PERMANENT SPLIT-CAPACITOR MOTOR – SHADED-POLE MOTOR (Motor Starting Methods)

PERMANENT SPLIT-CAPACITOR MOTOR

The permanent split capacitor (PSC) motor is used in compressors for air conditioning and refrigeration units. It has an advantage over the capacitor start motor inasmuch as it does not need the centrifugal switch and its associated problems.

The PSC motor has a run capacitor in series with the start winding. Both run capacitor and start winding remain in the circuit during start and after the motor is up to speed. Motor torque is sufficient for capillary and other self equalizing systems. No start capacitor or relay is necessary. The PSC motor is basically an air conditioner compressor motor. It is very common upto 3 hp, but is also available in the 4  and 5 hp sizes (Fig. 12 7).

Fig. 12-7 Permanent split-capacitor motor schematic

SHADED-POLE MOTOR

The shaded pole induction motor is a single phase motor. It uses a unique method to start the rotor turning. The effect of a moving magnetic field is produced by constructing the stator in a special way (Fig. 12 8). Portions of the pole piece surfaces are surrounded by a copper strap called a shading coil. The strap causes the field to move back and forth across the face of the pole piece

In Fig. 12 9, the numbered sequence and points on the magnetization curve are shown. As the alternating stator field starts increasing from zero (1), the lines of force expand across the face of the pole piece and cut through the strap. A voltage is induced in the strap. The current that results generates a field that opposes the cutting action (and decreases the strength) of the main field. This action causes certain actions: As the field increases from zero to a maximum of 90, a large portion of the magnetic lines of force are concentrated in the unshaded portion of the pole (1). At 90 the field reaches its maximum value. Since the lines of force have stopped expanding, no EMF is induced in the strap, and no opposite magnetic field is generated. As a result, the main field is uniformly distributed across the poles as shown in (2).

 

 

From 90 to 180 the main field starts decreasing or collapsing inward. The field generated in the strap opposes the collapsing field. The effect is to concentrate the lines of force in the shaded portion of the poles as shown in (3).

Note that from 0 to 180, the main field has shifted across the pole face from the unshaded to the shaded portion. From 180 to 360, the main field goes through the same change as it did from 0 to 180. However, it is now in the opposite direction (4). The direction of the field does not affect the way the shaded pole works. The motion of the field is the same during the second halfhertz as it was during the first half hertz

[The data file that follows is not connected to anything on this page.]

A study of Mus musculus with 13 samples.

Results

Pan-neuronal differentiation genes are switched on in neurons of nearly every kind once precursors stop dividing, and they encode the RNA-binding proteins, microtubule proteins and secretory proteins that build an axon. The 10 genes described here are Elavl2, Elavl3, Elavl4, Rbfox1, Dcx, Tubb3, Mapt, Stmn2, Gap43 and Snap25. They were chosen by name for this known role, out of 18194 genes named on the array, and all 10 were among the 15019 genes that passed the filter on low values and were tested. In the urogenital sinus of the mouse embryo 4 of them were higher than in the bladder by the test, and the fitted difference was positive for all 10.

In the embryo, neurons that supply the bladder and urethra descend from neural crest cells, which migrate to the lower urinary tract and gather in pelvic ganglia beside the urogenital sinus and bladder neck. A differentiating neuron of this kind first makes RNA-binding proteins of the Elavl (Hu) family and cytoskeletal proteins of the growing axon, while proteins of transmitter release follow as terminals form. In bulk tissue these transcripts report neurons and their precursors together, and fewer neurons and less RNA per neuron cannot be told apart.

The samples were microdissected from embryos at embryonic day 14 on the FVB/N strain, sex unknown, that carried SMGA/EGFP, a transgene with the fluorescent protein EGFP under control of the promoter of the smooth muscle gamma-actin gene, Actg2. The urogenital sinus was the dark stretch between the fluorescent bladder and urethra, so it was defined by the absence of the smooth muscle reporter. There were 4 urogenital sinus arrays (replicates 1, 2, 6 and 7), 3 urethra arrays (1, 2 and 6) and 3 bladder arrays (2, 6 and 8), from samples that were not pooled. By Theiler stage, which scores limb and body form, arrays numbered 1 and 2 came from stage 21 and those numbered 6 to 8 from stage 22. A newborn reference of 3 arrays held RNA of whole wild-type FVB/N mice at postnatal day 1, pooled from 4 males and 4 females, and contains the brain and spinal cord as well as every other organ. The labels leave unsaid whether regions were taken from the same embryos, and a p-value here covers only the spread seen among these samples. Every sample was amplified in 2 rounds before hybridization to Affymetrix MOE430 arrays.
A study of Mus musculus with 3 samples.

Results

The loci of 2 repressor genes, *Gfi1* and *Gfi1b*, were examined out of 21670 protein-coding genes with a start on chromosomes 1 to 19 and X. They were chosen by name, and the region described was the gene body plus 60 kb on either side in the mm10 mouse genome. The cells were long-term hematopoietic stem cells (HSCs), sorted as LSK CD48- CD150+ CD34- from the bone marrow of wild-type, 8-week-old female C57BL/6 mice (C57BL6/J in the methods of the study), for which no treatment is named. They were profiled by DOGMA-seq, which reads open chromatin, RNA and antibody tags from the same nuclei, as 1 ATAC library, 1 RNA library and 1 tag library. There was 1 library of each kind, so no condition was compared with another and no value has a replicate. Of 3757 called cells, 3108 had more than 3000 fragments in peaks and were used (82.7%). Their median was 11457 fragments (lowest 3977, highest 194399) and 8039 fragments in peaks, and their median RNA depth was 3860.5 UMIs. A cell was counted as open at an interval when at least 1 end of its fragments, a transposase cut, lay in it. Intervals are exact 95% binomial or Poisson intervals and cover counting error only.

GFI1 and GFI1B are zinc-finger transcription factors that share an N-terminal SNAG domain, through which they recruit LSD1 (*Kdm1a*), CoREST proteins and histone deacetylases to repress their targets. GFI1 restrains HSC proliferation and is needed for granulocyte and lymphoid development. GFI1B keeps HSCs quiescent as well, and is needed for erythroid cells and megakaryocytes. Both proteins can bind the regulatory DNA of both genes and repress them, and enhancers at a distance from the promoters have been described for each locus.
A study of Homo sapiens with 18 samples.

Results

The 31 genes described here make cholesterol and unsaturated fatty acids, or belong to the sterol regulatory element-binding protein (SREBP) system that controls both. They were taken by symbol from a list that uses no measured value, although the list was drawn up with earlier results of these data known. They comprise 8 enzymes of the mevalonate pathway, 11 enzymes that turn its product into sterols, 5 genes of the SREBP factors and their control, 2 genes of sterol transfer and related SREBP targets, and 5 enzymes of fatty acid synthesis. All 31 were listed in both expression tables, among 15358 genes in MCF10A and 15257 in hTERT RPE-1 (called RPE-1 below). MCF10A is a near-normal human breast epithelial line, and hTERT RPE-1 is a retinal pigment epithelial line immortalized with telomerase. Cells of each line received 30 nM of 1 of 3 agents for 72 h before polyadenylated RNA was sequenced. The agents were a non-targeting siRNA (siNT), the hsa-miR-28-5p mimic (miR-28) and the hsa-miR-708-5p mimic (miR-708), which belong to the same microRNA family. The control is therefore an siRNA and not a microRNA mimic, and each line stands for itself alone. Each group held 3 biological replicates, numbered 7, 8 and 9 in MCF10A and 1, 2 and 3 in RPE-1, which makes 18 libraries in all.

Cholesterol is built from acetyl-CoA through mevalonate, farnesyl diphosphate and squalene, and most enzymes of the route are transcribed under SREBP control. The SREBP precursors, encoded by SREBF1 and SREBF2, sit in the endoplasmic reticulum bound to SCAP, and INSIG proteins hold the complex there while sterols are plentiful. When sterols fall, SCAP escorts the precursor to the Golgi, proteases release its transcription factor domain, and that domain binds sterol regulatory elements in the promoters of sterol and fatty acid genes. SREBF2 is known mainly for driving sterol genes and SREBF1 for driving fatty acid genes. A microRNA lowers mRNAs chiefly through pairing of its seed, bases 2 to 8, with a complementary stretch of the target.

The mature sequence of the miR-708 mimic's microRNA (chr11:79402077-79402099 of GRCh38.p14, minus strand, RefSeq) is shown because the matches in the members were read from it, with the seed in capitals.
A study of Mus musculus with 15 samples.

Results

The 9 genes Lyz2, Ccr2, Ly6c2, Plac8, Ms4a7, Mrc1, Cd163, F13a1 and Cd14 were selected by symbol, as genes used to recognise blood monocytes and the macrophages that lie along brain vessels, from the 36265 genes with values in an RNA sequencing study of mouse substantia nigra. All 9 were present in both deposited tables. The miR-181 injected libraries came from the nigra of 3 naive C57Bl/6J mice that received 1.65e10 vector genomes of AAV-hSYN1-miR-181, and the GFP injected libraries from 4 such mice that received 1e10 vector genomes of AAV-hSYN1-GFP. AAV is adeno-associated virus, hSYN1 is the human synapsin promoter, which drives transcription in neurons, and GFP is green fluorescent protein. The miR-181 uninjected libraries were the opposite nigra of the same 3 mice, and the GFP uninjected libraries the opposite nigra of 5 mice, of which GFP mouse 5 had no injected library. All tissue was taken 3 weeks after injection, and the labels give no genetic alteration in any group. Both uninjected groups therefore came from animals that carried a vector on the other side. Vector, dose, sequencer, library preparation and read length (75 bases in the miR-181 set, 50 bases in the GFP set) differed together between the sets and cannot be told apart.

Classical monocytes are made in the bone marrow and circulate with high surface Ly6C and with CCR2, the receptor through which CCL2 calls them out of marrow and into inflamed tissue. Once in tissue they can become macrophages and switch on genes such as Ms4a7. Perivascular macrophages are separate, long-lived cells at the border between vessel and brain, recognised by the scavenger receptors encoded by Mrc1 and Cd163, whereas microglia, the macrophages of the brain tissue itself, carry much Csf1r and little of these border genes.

The motion of the field back and forth between shaded and unshaded portions produces a weak torque. This torque is used to start the motor. Because of the weak starting torque, shaded pole motors are built in only small sizes. They drive such devices as fans, clocks, and blowers

Fig. 12-9 Shaded poles as used in shaded pole ac motors

Reversibility

Shaded pole motors can be reversed mechanically. Turn the stator housing and shaded poles end for end. These motors are available from 1/250 to 1/2 hp.

 

Uses

 

As mentioned previously, this type of motor is used as a fan motor in refrigerators and freezers. They can also be used as fan motors in some types of airconditioning equipment where the demand is not too great. They can also be used as part of the timing devices used for defrost timers and other sequenced operations

 

The fan and motor assembly are located behind the provisions compartment in a refrigerator, directly above the evaporator in the freezer compartment. The suction fan pulls air through the evaporator and blows it through the provisions compartment air duct and freezer compartment fan grille (Fig. 12 10). This is a shaded pole motor with a molded plastic fan blade. For maximum air circulation the location of the fan on the motor shaft is most important. Mounting the fan blade too far back or too far forward on the motor shaft, in relation to the evaporator cover, will result in improper air circulation. The freezer compartment fan must be positioned with the lead edge of the fan 1/4 in in front of the evaporator cover

 

The fan assembly shown in Fig. 12 11 is used on the top freezer, no frost, fiberglass insulated model refrigerators. The freezer fan and motor assembly is located in the divider partition directly under the freezer air duct

 

 

 

 

Fig. 12-10 Fan, motor, and bracket assembly.

 

 

Fig. 12-11 Fan and fan motor bracket assembly.